In case you didn’t notice, the seasons are changing and the nights are drawing in. And for reasons only understood by the influenza virus itself, it’s time for the flu season to kick off. Thousands of us will soon be laid low by a bug we can’t even see. And worse still, we know that we’ll get sick just in time for party season. So what can health professionals do to help their patients avoid this party-pooping illness?
Take a look at some of these tips.
TELL THE PATIENTS TO QUIT THE BOOZING
Booze is one of the biggest things that can help bring on the flu, and it’s all to do with sleep. Most people think that booze is a sleeping aid. They’ll have a glass of wine before bed to help themselves nod off. But while drink might induce sleep, it doesn’t guarantee that that sleep with be of high quality. In fact, it has been shown that booze reduces the amount of rapid eye movement sleep that people get. That means that it stops people from going into the type of deep sleep that’s really good for them.
So what’s the link with the flu?
The more sleep-deprived you are, the lower will be your immune defenses. And the lower your immune defenses, the more likely you are to get the flu. It’s that simple.
TELL THE PATIENTS TO DRINK TEA THROUGHOUT THE DAY
Murray Grossman is an MD from Los Angeles. He works in the ear, nose and throat department. So he’s used to seeing people battle against colds and flu. His advice is to sip tea throughout the day. The warm steam from the tea helps to activate the tiny hair-like structures that line the gullet and trachea. The more active these structures are, the more they will be able to remove germs and other gunk.
Grossman also suggests people include a small amount of lemon and honey if they are drinking green tea. Lemon helps activate some of the life-extending compounds in green tea. And it also helps to thin mucus. Honey has antibacterial properties that help destroy pathogens before they can do any damage.
GET TRAINED ON THE SIGNS AND SYMPTOMS
It’s not all about the patients, of course. It’s about what the doctors themselves can do to prepare for the next flu season. Influenza training is an important part of any physician’s arsenal against the disease. Doctors need to understand how the different vaccines work, which are the most effective, and which demographics are at risk. They also need to be able to tell how the flu differs from other common, but similar conditions.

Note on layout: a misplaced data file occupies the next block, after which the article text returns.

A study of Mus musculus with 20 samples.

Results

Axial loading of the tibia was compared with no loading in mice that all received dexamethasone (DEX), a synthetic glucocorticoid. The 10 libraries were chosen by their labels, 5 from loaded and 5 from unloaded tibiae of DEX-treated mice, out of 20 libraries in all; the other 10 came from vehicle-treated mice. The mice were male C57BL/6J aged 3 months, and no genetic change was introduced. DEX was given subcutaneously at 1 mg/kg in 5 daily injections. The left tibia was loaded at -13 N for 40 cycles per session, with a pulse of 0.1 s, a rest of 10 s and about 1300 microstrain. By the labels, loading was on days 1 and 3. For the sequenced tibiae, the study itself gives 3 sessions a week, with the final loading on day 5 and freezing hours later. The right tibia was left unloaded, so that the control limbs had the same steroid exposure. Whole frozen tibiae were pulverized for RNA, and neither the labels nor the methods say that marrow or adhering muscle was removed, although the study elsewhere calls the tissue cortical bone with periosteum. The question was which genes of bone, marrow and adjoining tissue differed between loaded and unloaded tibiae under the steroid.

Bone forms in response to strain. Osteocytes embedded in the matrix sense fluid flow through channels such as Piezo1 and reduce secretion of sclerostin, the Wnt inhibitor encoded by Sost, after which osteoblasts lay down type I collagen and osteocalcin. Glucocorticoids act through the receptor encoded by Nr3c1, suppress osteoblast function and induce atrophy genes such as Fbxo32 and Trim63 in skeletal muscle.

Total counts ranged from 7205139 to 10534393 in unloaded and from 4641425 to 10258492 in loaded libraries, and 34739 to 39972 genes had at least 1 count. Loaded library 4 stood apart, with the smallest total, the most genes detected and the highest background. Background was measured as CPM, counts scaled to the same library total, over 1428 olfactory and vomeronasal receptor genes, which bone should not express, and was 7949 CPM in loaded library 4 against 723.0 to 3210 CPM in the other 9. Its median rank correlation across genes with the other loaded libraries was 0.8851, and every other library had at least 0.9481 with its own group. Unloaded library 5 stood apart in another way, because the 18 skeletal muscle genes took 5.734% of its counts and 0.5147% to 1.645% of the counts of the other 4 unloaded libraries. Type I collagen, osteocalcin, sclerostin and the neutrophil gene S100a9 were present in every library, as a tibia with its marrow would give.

TELL THE PATIENTS TO PAMPER THEIR NOSES
Jeffrey Demain is a medical doctor from Alaska. He says that he does a nasal rub daily. He uses a bulb syringe to flush out nasal secretions and viruses from his nasal canal. He says that patients who are concerned about picking up the flu virus can go to their local pharmacy. There, they can pick up a saline solution to irrigate their nostrils.
The recipe for the solution is simple meaning you can make your own. Demain suggests mixing three teaspoons of salt and 1 teaspoon of baking powder. Then add a teaspoon of the powder mixture to 250 ml of pure water. Rinse.
GET PATIENTS JUICING
Kristina Economou is a paramedic from California. As a paramedic, she’s constantly exposed to new bacteria and viruses. As a result, she insists on boosting her immune defenses with vegan smoothies and juices. She includes immune-boosting foods like oranges, kale, spinach, ginger, parsley, cucumber, chard and mint. She says that it helps her get closer to her recommended intake of fruits and vegetables.
DOCTORS SHOULD LEAD BY EXAMPLE
Doctors should lead their patients by example. They should wash their hands after they have spent time examining a patient. And they should get a flu jab themselves if they are eligible.
TELL THEM TO KEEP THE WORLD AT PEN’S LENGTH
Kim Okochi is a mother from Maryland. She has a child with a compromised immune system. As a result, it’s important that she does everything she can to avoid bringing bugs back to the house. She’s decided to adopt the pen strategy. Now when she goes out, she doesn’t touch ATMs at the supermarket or the bank. Instead, she uses her pen to punch in her PIN codes. This helps her to avoid bringing germs back to the house that could affect her child. She even takes her pen with her when she visits the doctor’s office.